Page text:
In 1932, Karsh moved to Ottawa, where he opened a portrait studio with the intent of photographing what he calls "people of consequence." His stated goal, expressed in his 1962 autobiography In Search of Greatness: Reflections of Yousuf Karsh, was to distill "the essence of the extraordinary person." In 1972, he moved his studio to the Chateau Laurier Hotel, near Parliament Hill.
Yousuf Karsh's photographic portraits have come to represent the public images of major international figures of politics, science, and culture in the twentieth century. The portraits have been displayed in public galleries and circulated widely in magazines. Karsh's 1941 portrait of Winston Churchill, for example, which appeared on the cover of Life magazine, stands as the definitive portrayal of Churchill's character.
Karsh, in turn, established his own international reputation with this image. Other well-known Karsh portraits include those of Georgia O'Keeffe, W. Somerset Maugham, Martha Graham, Ernest Hemingway, Charles de Gaulle, Peter Lorre, Grey Owl, Albert Einstein, Robert Borden, Yuri Gagarin, John F. Kennedy, Martin Luther King, and Marshall McLuhan.
Karsh also published numerous books as portfolios of his portrait photographs in the belief that a collective display gives the images a visual momentum that a single portrait alone cannot attain. The first of these was Faces of Destiny of 1946. In each collection the portraits are accompanied by texts written by Karsh based upon his encounter with the sitter.
In 1987, the National Archives of Canada acquired the complete collection of negatives, prints and transparencies produced and retained by Karsh between 1933 and 1987. Karsh also donated nearly 100 photographs to the National Gallery of Canada, which in 1960 had given him his first solo exhibition in a public gallery. In 1989, to mark the 150th anniversary of photography, these two institutions jointly produced a retrospective exhibition of Karsh's career in portrait photography.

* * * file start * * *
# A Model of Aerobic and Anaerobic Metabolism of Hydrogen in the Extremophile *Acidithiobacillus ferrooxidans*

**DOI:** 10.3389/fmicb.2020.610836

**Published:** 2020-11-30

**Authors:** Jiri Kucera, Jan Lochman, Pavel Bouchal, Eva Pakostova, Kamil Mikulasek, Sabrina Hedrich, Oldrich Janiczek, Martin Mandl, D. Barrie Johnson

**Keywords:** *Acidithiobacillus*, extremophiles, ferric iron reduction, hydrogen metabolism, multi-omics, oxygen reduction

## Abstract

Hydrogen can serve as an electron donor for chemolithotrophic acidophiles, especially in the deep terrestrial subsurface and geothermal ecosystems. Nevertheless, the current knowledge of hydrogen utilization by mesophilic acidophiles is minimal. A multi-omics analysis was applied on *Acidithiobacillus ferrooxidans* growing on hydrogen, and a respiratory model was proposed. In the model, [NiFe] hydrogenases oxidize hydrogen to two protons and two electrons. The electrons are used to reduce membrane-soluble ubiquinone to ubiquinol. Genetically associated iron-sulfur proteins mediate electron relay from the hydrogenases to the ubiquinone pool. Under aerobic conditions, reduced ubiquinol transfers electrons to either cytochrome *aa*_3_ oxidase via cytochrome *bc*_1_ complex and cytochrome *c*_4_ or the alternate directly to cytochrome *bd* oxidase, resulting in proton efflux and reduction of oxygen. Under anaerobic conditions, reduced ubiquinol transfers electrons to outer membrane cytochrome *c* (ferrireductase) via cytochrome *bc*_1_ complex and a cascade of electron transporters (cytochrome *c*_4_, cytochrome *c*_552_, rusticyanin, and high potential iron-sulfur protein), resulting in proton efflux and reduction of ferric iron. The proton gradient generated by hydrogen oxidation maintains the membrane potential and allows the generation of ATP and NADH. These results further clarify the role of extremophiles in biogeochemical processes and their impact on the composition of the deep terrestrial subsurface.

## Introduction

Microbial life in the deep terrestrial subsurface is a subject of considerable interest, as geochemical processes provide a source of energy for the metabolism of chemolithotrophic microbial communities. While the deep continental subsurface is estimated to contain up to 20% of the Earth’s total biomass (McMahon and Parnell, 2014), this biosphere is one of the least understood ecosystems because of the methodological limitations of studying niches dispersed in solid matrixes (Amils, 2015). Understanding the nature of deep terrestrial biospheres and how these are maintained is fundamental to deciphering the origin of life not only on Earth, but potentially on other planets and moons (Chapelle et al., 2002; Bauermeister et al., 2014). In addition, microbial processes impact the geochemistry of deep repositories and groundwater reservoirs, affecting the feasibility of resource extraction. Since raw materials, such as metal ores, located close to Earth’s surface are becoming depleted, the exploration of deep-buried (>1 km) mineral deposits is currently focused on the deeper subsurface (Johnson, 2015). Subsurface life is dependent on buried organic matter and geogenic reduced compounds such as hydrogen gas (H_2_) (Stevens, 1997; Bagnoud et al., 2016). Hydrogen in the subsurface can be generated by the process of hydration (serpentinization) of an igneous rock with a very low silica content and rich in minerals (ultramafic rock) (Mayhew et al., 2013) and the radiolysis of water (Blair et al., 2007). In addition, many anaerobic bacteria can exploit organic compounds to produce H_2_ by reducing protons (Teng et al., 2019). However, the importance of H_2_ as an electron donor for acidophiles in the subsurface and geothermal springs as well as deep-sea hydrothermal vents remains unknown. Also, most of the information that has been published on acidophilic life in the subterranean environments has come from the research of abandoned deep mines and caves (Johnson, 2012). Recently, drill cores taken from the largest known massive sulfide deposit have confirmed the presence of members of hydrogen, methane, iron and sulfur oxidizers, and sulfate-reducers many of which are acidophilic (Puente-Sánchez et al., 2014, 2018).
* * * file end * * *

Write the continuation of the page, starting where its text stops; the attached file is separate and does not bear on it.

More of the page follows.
Karsh closed his Ottawa studio in June 1992 at the age of 83. Later that year he published Karsh, American Legends, 73 portraits of famous American men and women in their homes. Leonard Bernstein, Bill and Hillary Clinton, and Norman Schwarzkopf are among those photographed. The book was complemented by a touring exhibition organized by the International Center of Photography in New York.
In 1997, Karsh moved to Boston. As a parting gift, he left a small collection of classic portraits to the Chateau Laurier Hotel, where his former studio is now known as the Karsh suite.
In 1965 Yousuf Karsh was awarded the Canada Council Medal and in 1968 the Medal of Service of the Order of Canada.
Author COLLEEN SKIDMORE
Maria Tippett, Portrait in Light and Shadow: The Life of Yousuf Karsh (2008); James Borcoman, Karsh: The Art of the Portrait (1989); Y. Karsh, Karsh: A Fifty-Year Retrospective (1983) and In Search of Greatness: An Autobiography (1962).
Links to Other Sites
This multimedia CBC website focuses on the legendary Canadian photographer Yousuf Karsh.
An online exhibit about the life and career of acclaimed Canadian portraitist Yousef Karsh. From Library and Archives Canada.
The official website for photographer Yousuf Karsh. View a selection of his memorable portraits of statesmen, artists, musicians, authors, scientists, and men and women of accomplishment. Also features video clips of interviews, a biogrpahy, and more.
The Karsh Generation
A multimedia media feature about the career of Ottawa photographer Yousuf Karsh. From the website for the Ottawa Citizen newspaper.
The Life of Yousuf Karsh
A review of the book "The Life of Yousuf Karsh" from the website "thetyee.ca."